By Rev. William Newman Hall (from Irish Congregational Magazine March 1895.)
In 1780, when Evangelical Christianity was at a low ebb in the west of Ireland, a God-fearing Scotsman, Mr. A. Maiken, a linen merchant, came to Sligo and commenced a service on Sunday with a few like-minded men. Eleven years later they built a church, receiving help in the undertaking from the Countess of Huntingdon. Some time before this, a young man, who had slipped carelessly into one of the prayer meetings, was led to surrender himself to the saviour and for nearly half a century Albert Blest was the most earnest and energetic member of the little church. In 1801 the Rev. Claudius Morrison, one of the Haldane’s students, became the first pastor and laboured for ten years with great faithfulness and affection. He was succeeded by the Rev. William Urwick, afterwards a D.D. and famous as the pastor of York Street, Dublin, for nearly forty years.
Mr. Urwick came first as a student and gives in his diary a vivid description of the tedious and somewhat perilous journey from London to Sligo in those days. A ferry-boat conveyed passengers across the Menai Strait and from Holyhead a sailing sloop, with but scant accommodation, made the passage to Dublin in between seven hours or seven days, as the wind might allow. It was a two days’ journey across a bleak and boggy country from Dublin to Sligo, which was a kind of ultima thule to Englishmen. Mr. Urwick found, however, that, then, as now, warm and loving hearts were ready with a true Irish welcome. For nine years he worked assiduously, both among his own flock and in the surrounding districts. Many of the poorer, as well as some of the richer, members of other churches rejoiced to give him the use of their parlours or drawing rooms for occasional devotional meetings and all creeds and classes admired his zeal in every good work. During the famine of 1823 he acted as Honorary Secretary of the Relief Committee and rendered excellent service as he did also to many other good causes. On his removal to Dublin, the Rev. E. H. Nolan undertook the pastorate, being succeeded after four years by the Rev. Noble Shepperd, who is still remembered by many with profound affection. During his ministry, which lasted from 1835 to 1875, the congregation removed from their obscure building on Harmony Hill to the present beautiful Gothic Church, which together with the adjoining manse, was erected mainly owing to his exertions.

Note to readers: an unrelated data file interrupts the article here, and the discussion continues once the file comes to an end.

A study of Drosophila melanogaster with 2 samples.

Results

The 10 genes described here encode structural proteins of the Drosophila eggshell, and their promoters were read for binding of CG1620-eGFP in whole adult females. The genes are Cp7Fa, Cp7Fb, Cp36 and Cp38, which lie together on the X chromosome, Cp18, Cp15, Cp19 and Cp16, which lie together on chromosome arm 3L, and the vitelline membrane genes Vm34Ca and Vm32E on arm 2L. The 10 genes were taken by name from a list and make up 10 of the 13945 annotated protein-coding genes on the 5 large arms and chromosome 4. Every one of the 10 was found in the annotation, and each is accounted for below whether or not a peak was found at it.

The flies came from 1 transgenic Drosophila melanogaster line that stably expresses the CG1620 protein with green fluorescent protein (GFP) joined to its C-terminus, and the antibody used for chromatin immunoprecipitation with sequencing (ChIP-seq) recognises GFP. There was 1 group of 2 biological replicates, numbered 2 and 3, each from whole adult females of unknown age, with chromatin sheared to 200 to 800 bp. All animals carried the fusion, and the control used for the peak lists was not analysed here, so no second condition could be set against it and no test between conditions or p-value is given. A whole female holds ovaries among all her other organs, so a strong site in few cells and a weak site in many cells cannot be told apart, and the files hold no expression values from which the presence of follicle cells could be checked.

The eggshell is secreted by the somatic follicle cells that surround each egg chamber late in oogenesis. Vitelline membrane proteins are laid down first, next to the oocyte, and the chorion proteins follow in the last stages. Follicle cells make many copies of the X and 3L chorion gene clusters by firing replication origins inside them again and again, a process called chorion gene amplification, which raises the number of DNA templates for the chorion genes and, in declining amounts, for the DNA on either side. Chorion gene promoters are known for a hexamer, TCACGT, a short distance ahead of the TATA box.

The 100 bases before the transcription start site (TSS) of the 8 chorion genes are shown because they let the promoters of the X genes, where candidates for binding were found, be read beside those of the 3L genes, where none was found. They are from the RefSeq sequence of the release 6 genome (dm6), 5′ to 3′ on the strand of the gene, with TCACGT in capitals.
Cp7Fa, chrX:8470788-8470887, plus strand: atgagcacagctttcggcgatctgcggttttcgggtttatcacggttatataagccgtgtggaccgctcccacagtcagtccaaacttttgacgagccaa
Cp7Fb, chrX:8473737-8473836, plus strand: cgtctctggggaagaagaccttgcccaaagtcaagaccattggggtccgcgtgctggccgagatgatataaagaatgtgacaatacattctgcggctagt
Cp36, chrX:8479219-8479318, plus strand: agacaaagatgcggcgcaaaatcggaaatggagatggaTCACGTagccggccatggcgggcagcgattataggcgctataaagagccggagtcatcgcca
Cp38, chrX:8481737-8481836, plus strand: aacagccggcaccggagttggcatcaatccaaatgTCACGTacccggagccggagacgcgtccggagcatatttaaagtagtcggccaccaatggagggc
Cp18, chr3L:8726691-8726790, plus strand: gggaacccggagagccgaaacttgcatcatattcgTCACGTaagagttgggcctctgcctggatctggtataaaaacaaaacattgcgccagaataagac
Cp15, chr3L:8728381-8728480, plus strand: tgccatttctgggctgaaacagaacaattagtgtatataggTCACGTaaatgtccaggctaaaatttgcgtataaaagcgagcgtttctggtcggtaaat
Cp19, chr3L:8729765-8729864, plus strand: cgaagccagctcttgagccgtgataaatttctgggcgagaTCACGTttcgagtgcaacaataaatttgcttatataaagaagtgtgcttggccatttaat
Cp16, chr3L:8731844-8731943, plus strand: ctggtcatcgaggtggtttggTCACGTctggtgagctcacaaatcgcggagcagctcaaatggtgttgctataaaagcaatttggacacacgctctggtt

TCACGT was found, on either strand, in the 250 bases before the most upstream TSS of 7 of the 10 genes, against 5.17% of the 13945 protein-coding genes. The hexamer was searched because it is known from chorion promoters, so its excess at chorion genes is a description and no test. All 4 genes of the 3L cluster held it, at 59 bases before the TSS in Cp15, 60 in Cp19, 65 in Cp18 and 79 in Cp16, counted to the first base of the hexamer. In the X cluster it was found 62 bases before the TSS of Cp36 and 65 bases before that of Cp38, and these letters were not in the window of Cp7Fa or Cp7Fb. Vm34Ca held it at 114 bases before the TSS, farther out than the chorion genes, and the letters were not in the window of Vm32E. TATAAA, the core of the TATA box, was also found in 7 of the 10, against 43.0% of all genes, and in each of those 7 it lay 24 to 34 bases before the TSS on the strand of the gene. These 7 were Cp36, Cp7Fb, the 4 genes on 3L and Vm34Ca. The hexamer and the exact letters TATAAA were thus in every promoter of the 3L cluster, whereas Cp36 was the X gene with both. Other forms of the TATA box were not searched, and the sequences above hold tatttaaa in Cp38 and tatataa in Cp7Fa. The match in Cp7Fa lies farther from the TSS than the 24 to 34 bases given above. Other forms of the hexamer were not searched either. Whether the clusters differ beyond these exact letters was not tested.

Mr. Sheppard seems to have been one of those rare spirits touched to the finest issues by the grace of Christ and his very name to have been indicative of his life-work. Many of the best workers in the church today own him, under God, as their spiritual father. On his death, a short vacancy occurred, which was ultimately filled by the Rev. James Stirling, under whose able guidance the church continued to prosper. In 1885 he was succeeded by the Rev. H.E. Bennett, B.A., who maintained the traditions of his predecessors in the faith of the Gospel. During all these years the church never had to seek outside aid but was a generous contributor both to foreign and home missions. In 1891, however, owing to several members removing to distant places and others being called to the homeland, a small grant was obtained temporarily from the Irish Evangelical Society.
Mr. Bennett returned to England after seven years’ service and in July 1892 a unanimous call was given to and accepted by the Rev. William Newman Hall, formerly of Mount Pleasant Church, Hastings, and a student of Cheshunt College.
The ‘Annual Statement’ for 1895 says “During the past year it is a great cause for thankfulness that our services, prayer meetings, bible classes, band of hope, choir practices and the monthly services at Ballincar and Faughts have been well sustained. The number of members at present on the roll is 39; let each try and influence another for Christ, then we shall be blessings as well as blessed.” The same ‘Statement’ gives the following definition of our church polity: “As a Congregational Church it knows no ecclesiastical authority outside itself but regards the Lord Jesus Christ as its immediate Head and ever-present Lord. It elects its own officers, determines its own mode of worship, regards the word of God as its only statute book and welcomes as members all who love the Lord Jesus Christ in sincerity.”
It is interesting to note that the Congregational Union has met in Sligo three times, viz., in 1870, 1878 and 1887.